Highlights of 2016: Library seeks expansion

Kelsey Bartlett Former New Castle Editor

Photo by Kelsey Bartlett The Craig County Public Library, located on Main Street in New Castle, is one of the smallest in the state, and its staff is seeking to expand the building and its services.


Located on the corner of Main Street in New Castle, the Craig County Public Library is one of the smallest in the state, but it makes the most of its space. Books are crammed into every nook and cranny, DVDs line the walls and computers are tucked into its corners.

Until its opening in July 2004, Craig County had no library. The approximate 700-square foot building serves the entirety of the county’s 5,210 residents. Now, its staff is hoping to renovate and expand both the building and its services.

A community meeting is scheduled for March 21 at 6 p.m. in the Craig-Botetourt Electric building. The library board is hoping that local churches, businesses and residents will all attend to pitch ideas and jumpstart the renovation.

“We’re inviting anybody we can invite to come there and talk about the plans,” said board member Jay Polen. “We’ve been thinking about renovations for a while, but within the last year it has really exploded.”

The Craig County Board of Supervisors has authorized filing a letter of interest seeking a community development block grant to assist in the development of a long-range plan to address needed improvements at its February meeting.

“We have an expansion committee that we’ve set up,” Craig County Library President Linda Calderon said at the meeting. “We’ve been working very diligently to see what the possibilities are. We have done community surveys asking people what they would like to see. We’ve visited a lot of other libraries in the area to see what they consisted of and how they are different than ours.”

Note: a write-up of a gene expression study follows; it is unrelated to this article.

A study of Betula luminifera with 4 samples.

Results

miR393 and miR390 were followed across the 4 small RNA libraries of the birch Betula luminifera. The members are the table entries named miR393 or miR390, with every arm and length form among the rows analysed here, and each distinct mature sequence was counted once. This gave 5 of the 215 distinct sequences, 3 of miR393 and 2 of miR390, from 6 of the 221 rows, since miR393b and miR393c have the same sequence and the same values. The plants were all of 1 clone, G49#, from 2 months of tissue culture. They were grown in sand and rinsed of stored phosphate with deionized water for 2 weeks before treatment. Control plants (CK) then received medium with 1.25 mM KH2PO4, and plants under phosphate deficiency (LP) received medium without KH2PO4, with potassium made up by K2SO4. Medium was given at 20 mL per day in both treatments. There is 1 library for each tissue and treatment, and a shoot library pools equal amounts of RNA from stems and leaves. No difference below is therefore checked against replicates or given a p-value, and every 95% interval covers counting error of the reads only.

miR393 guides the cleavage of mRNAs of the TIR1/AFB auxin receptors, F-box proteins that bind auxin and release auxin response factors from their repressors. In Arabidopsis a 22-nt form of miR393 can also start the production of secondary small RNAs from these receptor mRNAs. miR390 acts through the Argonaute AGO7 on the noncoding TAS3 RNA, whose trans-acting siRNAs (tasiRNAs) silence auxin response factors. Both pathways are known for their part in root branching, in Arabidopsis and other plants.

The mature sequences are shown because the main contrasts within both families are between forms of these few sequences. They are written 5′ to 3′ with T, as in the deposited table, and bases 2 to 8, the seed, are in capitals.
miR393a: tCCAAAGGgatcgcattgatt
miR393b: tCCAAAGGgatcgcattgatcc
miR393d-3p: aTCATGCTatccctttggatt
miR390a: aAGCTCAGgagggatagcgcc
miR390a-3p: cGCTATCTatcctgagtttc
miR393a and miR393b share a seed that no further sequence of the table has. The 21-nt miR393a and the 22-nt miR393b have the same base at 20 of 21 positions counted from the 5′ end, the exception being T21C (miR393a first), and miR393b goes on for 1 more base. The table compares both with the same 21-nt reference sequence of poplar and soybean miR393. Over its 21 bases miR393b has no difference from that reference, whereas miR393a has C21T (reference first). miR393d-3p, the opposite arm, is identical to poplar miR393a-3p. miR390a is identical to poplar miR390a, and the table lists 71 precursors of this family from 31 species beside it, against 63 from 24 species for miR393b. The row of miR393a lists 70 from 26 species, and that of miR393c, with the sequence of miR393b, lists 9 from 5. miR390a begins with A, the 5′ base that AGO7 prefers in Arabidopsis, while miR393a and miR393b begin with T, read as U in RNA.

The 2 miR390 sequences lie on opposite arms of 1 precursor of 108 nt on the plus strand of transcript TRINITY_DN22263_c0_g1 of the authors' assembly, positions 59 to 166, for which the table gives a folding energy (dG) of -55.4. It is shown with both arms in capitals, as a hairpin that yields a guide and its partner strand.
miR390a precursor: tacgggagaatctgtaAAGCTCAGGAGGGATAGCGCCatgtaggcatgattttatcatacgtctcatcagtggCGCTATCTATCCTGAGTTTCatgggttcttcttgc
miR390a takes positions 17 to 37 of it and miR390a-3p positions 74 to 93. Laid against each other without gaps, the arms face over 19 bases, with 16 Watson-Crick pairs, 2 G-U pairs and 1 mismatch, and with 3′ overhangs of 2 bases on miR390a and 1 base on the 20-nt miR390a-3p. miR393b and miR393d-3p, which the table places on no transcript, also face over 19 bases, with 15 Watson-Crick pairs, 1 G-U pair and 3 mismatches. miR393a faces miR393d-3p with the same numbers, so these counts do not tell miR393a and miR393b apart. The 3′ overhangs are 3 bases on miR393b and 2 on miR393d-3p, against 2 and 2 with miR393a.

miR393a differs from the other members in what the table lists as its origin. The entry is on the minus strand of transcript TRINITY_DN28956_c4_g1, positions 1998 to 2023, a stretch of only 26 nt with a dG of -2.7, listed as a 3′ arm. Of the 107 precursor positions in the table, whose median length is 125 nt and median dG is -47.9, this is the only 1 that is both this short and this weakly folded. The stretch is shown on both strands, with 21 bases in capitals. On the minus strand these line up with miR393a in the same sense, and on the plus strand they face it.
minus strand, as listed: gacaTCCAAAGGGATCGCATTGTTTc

Many of the books acquired by the library aren’t on display, because there simply isn’t enough space. The library board of trustees is looking to expand the library to at least 5,000- square feet.

For many in the community, the library provides their only access to a computer, which is essential for applying for jobs, as well as learning the technical skills that they often require.

The Craig County Public Library Board of Trustees is responsible for setting library policies and approving its budget. The library director, Carla Ritzer-Old, is responsible for the library’s day-to-day operation. “If we do get this grant that allows us to seek other grants, we need to keep the community informed,” Polen said. “Obviously, we’re going to need more staff if we expand.”

The trustees are hoping to provide the tools necessary for building community prosperity through education, information and social interaction, providing more opportunities for residents through expansion of library resources and services.

On the list of its goals, the trustees hope to become a recognized Virginia Workforce Development Center and a center for community colleges to provide distance learning programs. They also hope to provide a greater collection of digital and print media, provide meeting and learning spaces that are welcoming and code compliant for citizens with disabilities, and technology outreach classes for seniors.

They also want to provide high-speed internet, a broader range of arts and cultural programs, and access to genealogical data. The library is hoping to acquire the adjacent TDS lot that is up for auction. If the library cannot purchase the building, it will seek other options, possibly creating a multiple-level building.